Wal-Mart: High-Fashion or Faux Fashion?

It seems that Wal-Mart is making a run at a new e-commerce retailer every week. Inside of a year’s time, it scooped up Jet.com, followed by acquisitions of Shoes.com (renamed ShoeBuy.com), MooseJaw, and ModCloth. And today it was announced that Wal-Mart purchased Bonobos, the men’s online clothing retailer, for $310 million. All of these brands are considered “hip” and draw loyal customers.

One could surmise, based on all of this activity, that digital chief Marc Lore, who came to Wal-Mart in its acquisition of Jet.com last year, realizes traditional brick-and-mortar is not enough anymore.

Wal-Mart’s strength has long been its appeal to budget-conscious customers while Amazon’s customer profile is shaped largely by those with higher incomes. In an attempt to keep up with Amazon, the shining star of retail at the moment, Wal-Mart is using these purchases to broaden its brand appeal to higher-end customers

According to Retail Pulse data from Magid, of people who earn more than $75,000 a year, 58 percent regularly shop on Amazon while 46 percent shop at Wal-Mart.

Of those who make $75,000 or less, Walmart is the clear choice, as 62 percent of this group shop at Wal-Mart. The split becomes more apparent in the apparel category. Of people who spent more than $500 on clothing over the past six months, 16 percent chose Amazon compared to 5 percent who chose Wal-Mart for clothing.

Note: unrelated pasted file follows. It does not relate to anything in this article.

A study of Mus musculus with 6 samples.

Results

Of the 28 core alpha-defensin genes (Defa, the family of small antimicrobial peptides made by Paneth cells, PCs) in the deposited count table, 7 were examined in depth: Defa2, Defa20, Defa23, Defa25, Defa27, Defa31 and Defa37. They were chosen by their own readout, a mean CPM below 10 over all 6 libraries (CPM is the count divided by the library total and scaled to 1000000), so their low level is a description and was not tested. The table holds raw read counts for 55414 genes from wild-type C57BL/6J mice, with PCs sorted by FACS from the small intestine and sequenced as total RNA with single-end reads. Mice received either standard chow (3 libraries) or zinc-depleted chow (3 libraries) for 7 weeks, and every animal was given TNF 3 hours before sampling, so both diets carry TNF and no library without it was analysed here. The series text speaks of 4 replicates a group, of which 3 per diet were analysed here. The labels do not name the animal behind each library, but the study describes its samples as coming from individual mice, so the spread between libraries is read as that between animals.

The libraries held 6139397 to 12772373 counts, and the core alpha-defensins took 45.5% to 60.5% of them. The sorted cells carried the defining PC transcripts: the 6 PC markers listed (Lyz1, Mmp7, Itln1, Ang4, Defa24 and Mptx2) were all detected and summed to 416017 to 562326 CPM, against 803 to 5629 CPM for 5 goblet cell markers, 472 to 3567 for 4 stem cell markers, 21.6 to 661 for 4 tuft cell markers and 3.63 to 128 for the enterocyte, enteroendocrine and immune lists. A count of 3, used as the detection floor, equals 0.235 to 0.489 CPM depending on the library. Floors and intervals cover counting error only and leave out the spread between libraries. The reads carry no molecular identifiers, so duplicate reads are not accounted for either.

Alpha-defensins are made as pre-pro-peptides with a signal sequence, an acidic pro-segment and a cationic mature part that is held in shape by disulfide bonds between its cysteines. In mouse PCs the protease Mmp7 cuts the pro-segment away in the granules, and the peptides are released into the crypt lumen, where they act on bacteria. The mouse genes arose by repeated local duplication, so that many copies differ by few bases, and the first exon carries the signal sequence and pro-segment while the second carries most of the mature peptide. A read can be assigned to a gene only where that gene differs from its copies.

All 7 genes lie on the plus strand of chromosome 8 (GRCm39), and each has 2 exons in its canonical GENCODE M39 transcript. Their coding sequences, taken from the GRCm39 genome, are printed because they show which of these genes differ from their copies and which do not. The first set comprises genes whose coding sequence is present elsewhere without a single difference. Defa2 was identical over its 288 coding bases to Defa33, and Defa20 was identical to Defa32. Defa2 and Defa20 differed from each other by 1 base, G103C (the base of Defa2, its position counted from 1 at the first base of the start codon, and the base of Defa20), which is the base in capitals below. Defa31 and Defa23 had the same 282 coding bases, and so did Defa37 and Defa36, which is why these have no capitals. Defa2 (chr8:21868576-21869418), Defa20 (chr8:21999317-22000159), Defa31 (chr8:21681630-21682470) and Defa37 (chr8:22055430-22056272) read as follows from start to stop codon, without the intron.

Amazon is gaining market share across all verticals and competitors, including Wal-Mart, are trying to evolve their retail offerings, particularly in higher income brackets. In the past, high-end brands have been very fragmented, but Wal-Mart’s concern is that Amazon is the largest single entity capable of addressing high-end users. Competitors fear that the brand perception of Amazon as the destination for more sophisticated customers could trickle down to people with more modest incomes, threatening to make inroads with Wal-Mart’s traditional base. One indication that it is already happening is Amazon’s Amazon cash, designed to appeal to “unbanked” customers.

A quick look at Wal-Mart customers reveals just how large the low income shopper segment is and how important they are to Walmart. In the apparel category alone, Magid’s Retail Pulse found that 23 percent of all dollars spent at Wal-Mart come from individuals making less than $25,000 a year. While a large portion of this audience has good credit, the largest proportion of “underbanked” customers falls within the under $25,000 segment. This customer segment has been critical to Wal-Mart’s ability to stay competitive with Amazon because they tend to prefer the in-store experience rather than shopping online, which requires the use of a credit card. However, with pressure from Amazon and a crumbling brick-and-mortar market, Walmart needs to adjust.

As Amazon looks to make waves among low-end consumers, Wal-Mart needs to entice the loyal customers of the high-end brands they have acquired. In this way, Walmart can expand attract higher-income customers with a more diverse retail offering in apparel. While shoppers might not see the Walmart name as trendy, if the company continues to pick up these smaller, niche fashion retailers, that perception will change.